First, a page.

Object-Oriented Programming or OOP is the concept which you can find almost everywhere today. It is required for understanding of many modern programming languages. As a result, you would find it very often as a required skill when reading job postings.
Being introduced back in 1970s as part of SIMULA language, OOP still remains somewhat of the mystery. Question then raised – why OOP is not taught as a primary discipline for Computer Science program? (wikipedia, in Java, in C, some course papers (1), (2))
Lets look at some of the leading Universities in US for Fall/Spring 2007:
- Princenton Department of CS – Courses– only course COS441 mentions anything about OO languages, and not even OOP
- Harvard University’s School of Engineering and Applied Sciences – Courses – 3 courses have mentioned OO style, paradigm or data model – but it is half-unit courses with many other things covered and we can only guess how deep is the coverage.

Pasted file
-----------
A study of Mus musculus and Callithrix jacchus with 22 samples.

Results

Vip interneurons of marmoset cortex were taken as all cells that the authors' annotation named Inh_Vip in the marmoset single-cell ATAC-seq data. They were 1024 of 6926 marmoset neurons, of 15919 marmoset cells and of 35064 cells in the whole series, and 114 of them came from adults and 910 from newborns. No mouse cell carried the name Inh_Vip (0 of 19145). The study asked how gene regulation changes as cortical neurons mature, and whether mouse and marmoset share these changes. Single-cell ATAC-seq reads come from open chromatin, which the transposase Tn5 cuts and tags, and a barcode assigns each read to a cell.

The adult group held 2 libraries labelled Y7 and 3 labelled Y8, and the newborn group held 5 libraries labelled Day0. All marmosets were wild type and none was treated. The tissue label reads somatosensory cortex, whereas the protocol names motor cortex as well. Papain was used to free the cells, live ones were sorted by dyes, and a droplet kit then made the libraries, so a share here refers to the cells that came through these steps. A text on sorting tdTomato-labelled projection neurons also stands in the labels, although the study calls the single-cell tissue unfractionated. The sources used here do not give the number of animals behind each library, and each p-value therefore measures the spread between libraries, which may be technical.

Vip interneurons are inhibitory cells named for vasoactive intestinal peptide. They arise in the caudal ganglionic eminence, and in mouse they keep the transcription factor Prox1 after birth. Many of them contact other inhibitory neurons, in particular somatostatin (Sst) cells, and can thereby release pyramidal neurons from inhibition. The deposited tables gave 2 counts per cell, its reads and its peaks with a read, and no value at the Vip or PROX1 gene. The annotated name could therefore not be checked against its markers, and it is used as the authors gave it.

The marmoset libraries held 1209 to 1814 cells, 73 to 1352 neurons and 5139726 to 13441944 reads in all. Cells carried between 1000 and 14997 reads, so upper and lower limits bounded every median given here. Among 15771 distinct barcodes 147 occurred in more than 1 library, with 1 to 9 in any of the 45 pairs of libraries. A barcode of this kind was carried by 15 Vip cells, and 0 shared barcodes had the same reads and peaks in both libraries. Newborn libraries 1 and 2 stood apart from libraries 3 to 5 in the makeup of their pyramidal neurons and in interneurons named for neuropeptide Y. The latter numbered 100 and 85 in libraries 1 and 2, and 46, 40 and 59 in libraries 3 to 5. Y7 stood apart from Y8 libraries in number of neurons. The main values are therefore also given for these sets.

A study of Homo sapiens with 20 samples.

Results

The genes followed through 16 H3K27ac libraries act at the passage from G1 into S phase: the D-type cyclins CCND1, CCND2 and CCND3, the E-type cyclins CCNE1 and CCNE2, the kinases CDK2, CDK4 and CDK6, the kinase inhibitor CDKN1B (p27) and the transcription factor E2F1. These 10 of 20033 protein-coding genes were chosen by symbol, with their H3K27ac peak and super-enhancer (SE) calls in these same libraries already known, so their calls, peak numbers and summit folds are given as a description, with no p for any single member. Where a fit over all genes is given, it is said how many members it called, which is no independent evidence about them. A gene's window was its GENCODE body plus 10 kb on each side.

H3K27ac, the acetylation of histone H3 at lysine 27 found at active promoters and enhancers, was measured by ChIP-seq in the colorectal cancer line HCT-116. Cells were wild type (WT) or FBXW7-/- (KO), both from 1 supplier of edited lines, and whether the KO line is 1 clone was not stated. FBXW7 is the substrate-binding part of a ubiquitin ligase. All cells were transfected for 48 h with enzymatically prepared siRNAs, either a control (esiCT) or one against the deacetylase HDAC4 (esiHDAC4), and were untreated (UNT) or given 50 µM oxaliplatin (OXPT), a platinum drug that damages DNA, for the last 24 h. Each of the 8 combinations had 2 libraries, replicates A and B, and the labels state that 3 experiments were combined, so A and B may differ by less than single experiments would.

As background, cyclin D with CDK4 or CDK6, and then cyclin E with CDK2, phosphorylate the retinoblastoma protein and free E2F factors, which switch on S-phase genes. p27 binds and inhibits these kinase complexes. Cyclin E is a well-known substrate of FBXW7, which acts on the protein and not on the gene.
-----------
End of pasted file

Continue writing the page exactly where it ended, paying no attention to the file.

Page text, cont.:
- CS Yale University – Courses – I have not found any specific referencing to OO of any sort.
Of course, it is just Spring calendar and it could be covered during Fall already.
Yet, seeing what choices we have right at the moment, it is not very impressive picture. And it only proves that application aspect is usually considered preferable versus theory.
Any modern language today uses OO methodology – Delphi, C#, C++, Java, PHP, etc. So how can we efficiently use language without knowing base info?
I was asked recently, if I can help with some references to good resources explaining OOP. Below you can find first what comes to mind:
- great deal of information is available at wikipedia, and it can be good starting point
- using Delphi for many years, one should know OOP course by Zarco Gajic
- Is OOP bad? Some people think so… I disagree with many “myths” there, but it is fun to read.
I am thinking to collect some more information about the subject, and if you have something to add, please do so – best comments might be incorporated in the post itself.